As the time for 2021 budgeting and setting of public tax levies draws near, cities are buckling down on goals and priorities for the year. At the August 18 Rushford Village Council meeting, getting a grasp on the budget to determine those plans was key.
“At some point and time we need to try to get together to talk about what we want and need to find a better understanding. It’s just awareness,” said Councilor Bob Hart.
The city is putting some funds aside for items such as equipment replacement and street repair, but is largely still playing catch up with a number of things. “These are big topics. It’s a lot to compress in just a few minutes,” added Councilor Roger Knutson. “We need to rely on staff. I think we as a group should spend time on catching up. That’s the services that we’re providing to the city.”
“Growth isn’t a priority for me right now,” added Councilor Mike Ebner. “We need to catch up.”
“I think we need to focus on maintenance and neglected issues so we can all feel comfortable. This is a big area,” concluded Knuston. The council will discuss the budget in depth at the first meeting in September. The preliminary tax levy must be set by the end of next month.
Council discussion also included whether or not to accept Coronavirus Aid, Relief, and Economic Security (CARES) Act funding from the state. To date, the city hasn’t spent more than a few hundred dollars in relation to COVID-19 needs, but is in line to receive more than $63,000. The funding can only be used for expenses related to the pandemic. If unused, it is turned over to Fillmore County.
Community and Economic Development Associates representative Rebecca Charles suggested the city accept the funds with the intent to turn over the funds to the county for needs it may have and suggested the county may look favorably on the city’s future needs by doing so.
“They were really warning against businesses that may want money, since they might have already gotten money elsewhere,” said City Clerk Mary Miner. “Once we donate the money, it’s out of our hands.” To date, no businesses have reached out to the Village regarding assistance.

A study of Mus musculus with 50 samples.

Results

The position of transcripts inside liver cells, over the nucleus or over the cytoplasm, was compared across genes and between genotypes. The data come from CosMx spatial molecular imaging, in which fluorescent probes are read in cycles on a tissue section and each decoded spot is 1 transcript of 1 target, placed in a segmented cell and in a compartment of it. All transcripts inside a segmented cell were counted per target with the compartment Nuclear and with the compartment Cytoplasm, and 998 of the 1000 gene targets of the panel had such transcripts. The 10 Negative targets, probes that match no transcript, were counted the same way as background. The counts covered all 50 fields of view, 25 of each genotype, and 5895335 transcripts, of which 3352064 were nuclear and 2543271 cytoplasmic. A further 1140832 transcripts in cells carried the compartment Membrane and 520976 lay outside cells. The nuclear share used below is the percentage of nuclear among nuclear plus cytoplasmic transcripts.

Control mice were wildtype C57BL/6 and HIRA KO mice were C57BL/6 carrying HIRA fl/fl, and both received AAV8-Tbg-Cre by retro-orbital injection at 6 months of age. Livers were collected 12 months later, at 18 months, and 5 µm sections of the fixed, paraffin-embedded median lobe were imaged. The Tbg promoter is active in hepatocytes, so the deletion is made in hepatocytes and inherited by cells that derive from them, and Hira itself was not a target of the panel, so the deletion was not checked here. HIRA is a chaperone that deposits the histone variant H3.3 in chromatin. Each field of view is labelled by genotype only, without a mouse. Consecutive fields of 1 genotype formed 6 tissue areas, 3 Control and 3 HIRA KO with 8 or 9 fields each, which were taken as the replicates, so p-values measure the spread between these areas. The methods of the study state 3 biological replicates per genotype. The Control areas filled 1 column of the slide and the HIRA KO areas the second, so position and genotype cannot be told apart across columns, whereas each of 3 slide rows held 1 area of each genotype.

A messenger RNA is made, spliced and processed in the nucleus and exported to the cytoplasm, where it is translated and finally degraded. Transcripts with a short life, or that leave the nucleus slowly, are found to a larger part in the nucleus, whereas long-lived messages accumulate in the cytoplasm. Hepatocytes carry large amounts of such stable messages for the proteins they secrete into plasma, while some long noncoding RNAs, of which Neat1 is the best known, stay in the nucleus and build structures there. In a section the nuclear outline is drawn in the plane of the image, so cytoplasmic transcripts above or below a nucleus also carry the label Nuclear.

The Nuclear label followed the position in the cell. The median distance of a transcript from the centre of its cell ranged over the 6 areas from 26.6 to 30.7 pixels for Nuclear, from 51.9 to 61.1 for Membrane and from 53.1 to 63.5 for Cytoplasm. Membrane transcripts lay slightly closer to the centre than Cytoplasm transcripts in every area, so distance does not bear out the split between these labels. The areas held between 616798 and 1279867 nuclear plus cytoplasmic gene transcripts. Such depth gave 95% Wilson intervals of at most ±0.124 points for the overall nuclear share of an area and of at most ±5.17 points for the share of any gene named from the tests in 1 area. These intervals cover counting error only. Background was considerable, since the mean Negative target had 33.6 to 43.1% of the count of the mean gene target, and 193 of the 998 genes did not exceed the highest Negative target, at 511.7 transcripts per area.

Knutson motioned to accept the funds with the understanding it would be utilized for costs deemed necessary and that the rest will be sent to the county. The motion passed unanimously.
In other news, the council has tabled a decision on an agreement with AcenTek for placement of services along Ekern Road right-of-way. The council initially approved moving forward with it in July, but halted it once it was determined services were already placed in the area, on private land, through an error by communication with the consulting firm.
Public Works Supervisor Kyle Chiglo has expressed concern over being able to maintain the steep roadway if services are put in. He has agreed to work with the company, should the city move forward with it, but wants assurances that the city won’t be held liable for accidental damages and with acknowledgment that there will be ongoing maintenance issues.
“It would be more favorable if it wasn’t already in,” stated Mayor Dennis Overland.
“It’s just not a workable situation,” explained the representative from AcenTek, Brian Jervis, regarding the services currently on private land. “We can get an easement, but it would cost an obscene amount of money that would set a precedent. The CEO advised if we can’t get agreement, we may have to abandon services.”
“In my opinion, I’m assuming AcenTek, who is a local company, has done their due diligence and found the most effective legal way to do this. We have to provide services to our citizens. We as a community, our job is to provide services to our citizens,” said Knutson. “But, as a council I don’t think we should get involved in private negotiations.”
The owner of the private parcel was in attendance and indicated he’s willing to negotiate with AcenTek. “I was told it was going to be off my property and on the road right-of-way, cut and dry. I’ve gotten no compensation for being on my property. I did make a written proposal in December 2019 and have not formally heard anything back. I’m hoping and thinking someone would come and sit down and discuss,” he said. “Why you guys are even involved; just floors me.”
“Scott and I have had a few conversations,” noted Jervis. “I don’t want to get into it in this format. It’s not appropriate. But, he’s moved up the ladder to the board and the CEO, so ’m out of it now.”
“There is another option and I think it would be a win-win,” said Knutson. “It’s not a good deal the way it’s going right now.
“I think it’s off the table for me. Let the two parties work it out,” added Councilor Mike Ebner. The council has tabled discussion of the matter until the second meeting in September to allow the parties time to discuss.
The council also approved up to $2,500 in costs related to signage within the Village. A plan for needed signs is being developed by Chiglo. Clerk Miner noted he had anticipated the entire project could take $10,000 and quite some time. “We’re not going to get all done at once,” she added.
The next regularly scheduled meeting is Tuesday, September 8, at 7 p.m., at the Village Hall.